RNHA Calls For Emergency Cash Injection Into Social Care To Help Alleviate NHS Bed Blocking Crisis – Response To Lord Carter’s Report

RNHA-logoThe Registered Nursing Home Association (RNHA) has called for an emergency cash injection by the government into social care so that local authorities can purchase more care home places to alleviate the £900 million bed blocking crisis hitting NHS acute hospitals.

This follows a report last week from the government’s NHS efficiency ‘troubleshooter’ Lord Carter calling for greater collaboration between hospital trusts and the social care sector so that patients needing a form of intermediate care after a hospital stay can be transferred more quickly into community settings, including care homes.

RNHA chief executive officer Frank Ursell welcomed Lord Carter’s proposals, which encourage NHS trusts to find ‘rapid local solutions to the problem of delayed transfers’, which currently sees an estimated 8,500 patients a day stuck in hospital beds simply because there is nowhere suitable for them to be discharged to. “This problem has been with us for many years,” said Mr Ursell, “but it’s getting worse because social care funding has been slashed and there just isn’t the money in the system to pay for the care home places so desperately needed.”

He added: “Local authorities in parts of the country have been cutting the amounts they pay to care homes, many of which have gone out of business or are seriously thinking of doing so. At best, local authorities have frozen the rates they pay for publicly funded placements in care homes, which is another form of cut because it fails to compensate the homes for the rising costs of staff and other overheads.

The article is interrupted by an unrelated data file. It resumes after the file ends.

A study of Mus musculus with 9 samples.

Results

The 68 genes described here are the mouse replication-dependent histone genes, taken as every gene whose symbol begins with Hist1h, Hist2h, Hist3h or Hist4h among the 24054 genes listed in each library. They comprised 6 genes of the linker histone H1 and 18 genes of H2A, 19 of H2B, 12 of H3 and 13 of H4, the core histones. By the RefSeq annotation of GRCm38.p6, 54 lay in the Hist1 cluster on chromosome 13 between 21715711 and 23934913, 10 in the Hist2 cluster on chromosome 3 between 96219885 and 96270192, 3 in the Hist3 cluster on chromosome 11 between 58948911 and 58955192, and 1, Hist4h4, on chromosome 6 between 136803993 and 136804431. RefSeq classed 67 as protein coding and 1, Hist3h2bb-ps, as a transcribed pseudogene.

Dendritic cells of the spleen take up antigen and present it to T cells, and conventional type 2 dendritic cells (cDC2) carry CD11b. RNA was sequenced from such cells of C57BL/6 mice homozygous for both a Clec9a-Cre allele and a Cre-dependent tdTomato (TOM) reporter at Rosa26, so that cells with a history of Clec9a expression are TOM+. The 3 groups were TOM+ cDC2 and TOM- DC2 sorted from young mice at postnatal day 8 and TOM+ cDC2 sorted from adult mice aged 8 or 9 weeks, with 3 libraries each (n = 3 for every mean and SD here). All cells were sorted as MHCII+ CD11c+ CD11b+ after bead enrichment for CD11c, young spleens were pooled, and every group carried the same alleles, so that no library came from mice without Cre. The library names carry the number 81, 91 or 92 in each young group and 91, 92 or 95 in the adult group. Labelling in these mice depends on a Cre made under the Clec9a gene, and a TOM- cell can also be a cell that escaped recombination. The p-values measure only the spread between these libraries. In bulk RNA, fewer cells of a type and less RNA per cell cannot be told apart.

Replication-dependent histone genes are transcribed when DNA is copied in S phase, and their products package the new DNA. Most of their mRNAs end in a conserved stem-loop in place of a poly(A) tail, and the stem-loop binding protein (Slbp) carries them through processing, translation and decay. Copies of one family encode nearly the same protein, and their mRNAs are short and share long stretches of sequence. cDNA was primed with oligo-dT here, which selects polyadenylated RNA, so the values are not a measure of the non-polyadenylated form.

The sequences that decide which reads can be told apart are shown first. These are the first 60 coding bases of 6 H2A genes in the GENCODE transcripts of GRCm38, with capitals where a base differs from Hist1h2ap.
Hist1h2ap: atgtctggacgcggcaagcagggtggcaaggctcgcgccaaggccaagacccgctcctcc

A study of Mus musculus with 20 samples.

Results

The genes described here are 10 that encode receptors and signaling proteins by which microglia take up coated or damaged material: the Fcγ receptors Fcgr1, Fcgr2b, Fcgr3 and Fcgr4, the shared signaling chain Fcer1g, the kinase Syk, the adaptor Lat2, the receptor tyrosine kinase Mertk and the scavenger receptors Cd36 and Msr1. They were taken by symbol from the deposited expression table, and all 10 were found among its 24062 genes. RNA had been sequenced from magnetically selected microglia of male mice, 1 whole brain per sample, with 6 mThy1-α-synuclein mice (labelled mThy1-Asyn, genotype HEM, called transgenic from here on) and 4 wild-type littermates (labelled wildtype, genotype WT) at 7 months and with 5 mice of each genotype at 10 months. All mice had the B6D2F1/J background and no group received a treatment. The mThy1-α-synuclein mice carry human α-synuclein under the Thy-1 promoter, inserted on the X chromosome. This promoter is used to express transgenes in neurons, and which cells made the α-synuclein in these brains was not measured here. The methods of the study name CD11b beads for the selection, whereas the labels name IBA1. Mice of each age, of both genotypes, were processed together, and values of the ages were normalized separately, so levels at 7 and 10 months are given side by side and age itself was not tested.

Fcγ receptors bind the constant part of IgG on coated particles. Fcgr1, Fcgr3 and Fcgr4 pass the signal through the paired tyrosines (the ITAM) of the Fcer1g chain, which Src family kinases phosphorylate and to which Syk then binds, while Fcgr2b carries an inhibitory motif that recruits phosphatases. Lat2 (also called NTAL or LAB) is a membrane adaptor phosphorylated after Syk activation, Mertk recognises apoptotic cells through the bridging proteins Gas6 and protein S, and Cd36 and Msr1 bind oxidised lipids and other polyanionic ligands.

“When the new national living wage comes into force this year, care homes will be hit by yet another financial blow from which many will not recover. Estimates suggest that it will increase our pay bills this year by around 5%, with independent experts calculating a potential loss of 37,000 care home beds at a time when the NHS needs more of them to help alleviate its own bed crisis.”

Mr Ursell accused the government of looking the other way while the NHS and social care were both struggling to cope with demand and hamstrung by a funding shortfall that was leaving some of the most vulnerable people in society in limbo – stuck in a hospital ward where they no longer need to be. “It’s time for action by the Secretary of State,” he said. “He’s fiddling in Richmond House, Whitehall, while the NHS cancels operations because of blocked beds and while care homes struggle to keep their heads above water because their average costs exceed income by over £40 per resident per week. This cannot go on. It’s no way for a government to run things in one of the world’s leading economies. “MPs were recently debating these issues in the Commons, with both sides of the House highlighting the bind that social care now finds itself in as demand rises and income falls. Lord Carter’s report exposes the true scale of the crisis. When is the Secretary of State going to take it seriously.”